MetLife Advises People to Brush Up on Fire Safety Basics to Stay Safe

October 13, 2005

According to the National Fire Protection Association, public fire departments responded to 388,500 home fires in the United States in 2003, resulting in $5.9 billion in direct property damage, 13,650 injuries, and 3,145 deaths.

In recognition of National Fire Prevention week, which takes place during the month of October, MetLife Auto & Home is offering free fire safety materials, including a coloring and activity book entitled “Learn About Fire Safety with the PEANUTS Gang” and a fire safety brochure entitled “About…Fire Safety.” They are available by calling 1-800-638-5433 (MET-LIFE).

“These materials give parents and children valuable tools to help learn the basics of fire safety,” said Bob Smith, chief claim officer at MetLife Auto & Home. “Fortunately, many fires – and fatalities – can be prevented, if the basics of fire prevention are observed. These materials help teach valuable lessons that can save lives and property, and do so using the PEANUTS characters, which have proven popularity with everyone, especially kids.”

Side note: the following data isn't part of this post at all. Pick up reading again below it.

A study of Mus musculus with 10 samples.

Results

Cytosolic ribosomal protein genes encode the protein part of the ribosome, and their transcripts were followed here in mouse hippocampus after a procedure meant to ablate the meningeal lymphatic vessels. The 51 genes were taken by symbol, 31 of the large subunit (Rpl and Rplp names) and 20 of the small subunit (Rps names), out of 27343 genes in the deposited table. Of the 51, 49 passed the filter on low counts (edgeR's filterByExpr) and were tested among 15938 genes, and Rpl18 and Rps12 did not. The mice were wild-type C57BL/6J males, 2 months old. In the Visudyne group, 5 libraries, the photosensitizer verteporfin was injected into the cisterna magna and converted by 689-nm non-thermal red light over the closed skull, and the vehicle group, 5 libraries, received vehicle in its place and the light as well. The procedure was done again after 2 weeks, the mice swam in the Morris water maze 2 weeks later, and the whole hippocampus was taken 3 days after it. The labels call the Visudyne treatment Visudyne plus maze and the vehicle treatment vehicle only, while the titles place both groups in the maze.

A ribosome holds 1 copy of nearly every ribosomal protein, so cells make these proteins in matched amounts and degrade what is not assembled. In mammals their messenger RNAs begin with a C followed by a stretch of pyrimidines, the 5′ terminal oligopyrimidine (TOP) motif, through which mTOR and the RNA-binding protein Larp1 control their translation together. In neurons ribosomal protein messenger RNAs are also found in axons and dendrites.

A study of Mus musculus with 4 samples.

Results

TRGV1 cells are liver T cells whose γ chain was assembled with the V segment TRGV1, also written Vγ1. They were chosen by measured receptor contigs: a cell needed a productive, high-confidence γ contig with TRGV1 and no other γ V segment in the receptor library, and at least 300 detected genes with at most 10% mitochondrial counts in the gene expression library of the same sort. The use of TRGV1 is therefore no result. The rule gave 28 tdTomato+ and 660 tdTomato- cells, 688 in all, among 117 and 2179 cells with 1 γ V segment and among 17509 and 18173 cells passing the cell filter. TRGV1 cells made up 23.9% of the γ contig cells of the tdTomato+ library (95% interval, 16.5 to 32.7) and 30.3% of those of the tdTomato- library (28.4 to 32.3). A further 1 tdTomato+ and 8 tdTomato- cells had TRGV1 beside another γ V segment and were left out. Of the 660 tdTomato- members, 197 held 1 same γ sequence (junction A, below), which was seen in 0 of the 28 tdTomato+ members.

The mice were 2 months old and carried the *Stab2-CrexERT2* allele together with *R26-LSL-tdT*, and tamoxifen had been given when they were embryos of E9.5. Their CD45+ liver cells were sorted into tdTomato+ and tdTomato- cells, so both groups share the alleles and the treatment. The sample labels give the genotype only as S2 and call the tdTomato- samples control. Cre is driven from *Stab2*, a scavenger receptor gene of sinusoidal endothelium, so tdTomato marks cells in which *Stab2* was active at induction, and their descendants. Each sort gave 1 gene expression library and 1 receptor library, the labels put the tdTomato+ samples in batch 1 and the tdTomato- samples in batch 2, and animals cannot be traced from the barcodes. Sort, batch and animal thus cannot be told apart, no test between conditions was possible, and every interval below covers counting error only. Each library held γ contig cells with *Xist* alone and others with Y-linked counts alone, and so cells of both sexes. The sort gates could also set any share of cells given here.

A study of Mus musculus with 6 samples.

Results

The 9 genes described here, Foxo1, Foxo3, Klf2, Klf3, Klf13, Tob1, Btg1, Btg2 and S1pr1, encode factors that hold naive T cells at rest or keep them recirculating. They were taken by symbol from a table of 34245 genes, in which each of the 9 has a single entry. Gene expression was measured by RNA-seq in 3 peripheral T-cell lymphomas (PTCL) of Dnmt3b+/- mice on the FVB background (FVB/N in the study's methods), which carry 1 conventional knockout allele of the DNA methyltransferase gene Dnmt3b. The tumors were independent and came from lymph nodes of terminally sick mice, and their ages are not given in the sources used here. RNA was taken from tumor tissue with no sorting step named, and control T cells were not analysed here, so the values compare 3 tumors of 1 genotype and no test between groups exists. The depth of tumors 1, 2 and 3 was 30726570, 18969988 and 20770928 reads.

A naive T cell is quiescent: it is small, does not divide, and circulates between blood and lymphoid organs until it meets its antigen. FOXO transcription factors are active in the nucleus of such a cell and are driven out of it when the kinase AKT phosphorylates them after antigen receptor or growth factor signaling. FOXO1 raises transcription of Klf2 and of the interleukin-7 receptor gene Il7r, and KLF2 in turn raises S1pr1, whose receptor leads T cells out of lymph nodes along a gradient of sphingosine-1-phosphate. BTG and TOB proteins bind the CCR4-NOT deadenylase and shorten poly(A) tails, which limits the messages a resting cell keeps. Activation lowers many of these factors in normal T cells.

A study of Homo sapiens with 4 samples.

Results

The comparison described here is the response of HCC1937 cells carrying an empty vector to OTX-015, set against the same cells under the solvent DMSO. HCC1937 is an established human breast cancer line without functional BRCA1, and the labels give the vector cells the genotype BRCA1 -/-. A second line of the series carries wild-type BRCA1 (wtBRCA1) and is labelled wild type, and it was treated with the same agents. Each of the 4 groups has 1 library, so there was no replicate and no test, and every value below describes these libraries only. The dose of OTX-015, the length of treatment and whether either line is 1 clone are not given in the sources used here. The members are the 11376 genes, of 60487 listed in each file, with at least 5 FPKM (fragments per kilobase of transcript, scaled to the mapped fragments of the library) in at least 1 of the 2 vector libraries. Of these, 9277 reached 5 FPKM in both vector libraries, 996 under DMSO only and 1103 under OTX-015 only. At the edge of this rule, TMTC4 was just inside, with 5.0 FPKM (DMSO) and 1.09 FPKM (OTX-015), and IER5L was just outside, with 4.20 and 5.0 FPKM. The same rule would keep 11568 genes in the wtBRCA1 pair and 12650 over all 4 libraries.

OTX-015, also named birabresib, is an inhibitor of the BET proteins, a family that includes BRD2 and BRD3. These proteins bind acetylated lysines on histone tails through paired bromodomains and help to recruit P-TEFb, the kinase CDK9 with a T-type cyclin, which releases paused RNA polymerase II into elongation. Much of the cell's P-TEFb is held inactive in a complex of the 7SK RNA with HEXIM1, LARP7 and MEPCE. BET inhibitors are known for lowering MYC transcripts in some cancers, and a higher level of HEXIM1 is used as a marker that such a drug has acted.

The theme of National Fire Prevention week this year is “Use Candles with Care,” which recognizes the fact that candle fires are a growing threat to communities. In fact, over the last decade, candle fires have tripled. “People should always keep in mind that a lit candle is an open flame, which means that if left unattended, or used carelessly, candles have the potential for disaster,” said Smith.

To help reduce the potential for fire, MetLife Auto & Home also offers the following tips:

* Install smoke detectors, and be sure to change the batteries at least twice a year. It’s recommended that households have one on every level, in every bedroom, and in the halls outside of sleeping areas.
* Keep a fire extinguisher handy in the home – and know how to use it.
* Have a fire plan. Families should identify at least two different escape routes from a home, and in the event of a fire, every family member should know how to get out, as well as where to meet as a group outside.
* Don’t cut corners on heating safety. Winter’s coming, and this year especially, many people will turn to alternative heating sources. However, portable heating devices, wood stoves, or roaring fireplaces can represent fire risks, unless caution is exercised.
* During the holidays, consider fire safety when it comes to seasonal decorations. There are many ways for the holidays to go “up in smoke.” Many fires occur when decorations come in contact with a lit candle. Also, if you celebrate the season with a live Christmas tree, water it regularly, and keep it away from heat sources.

Was this article valuable?

Here are more articles you may enjoy.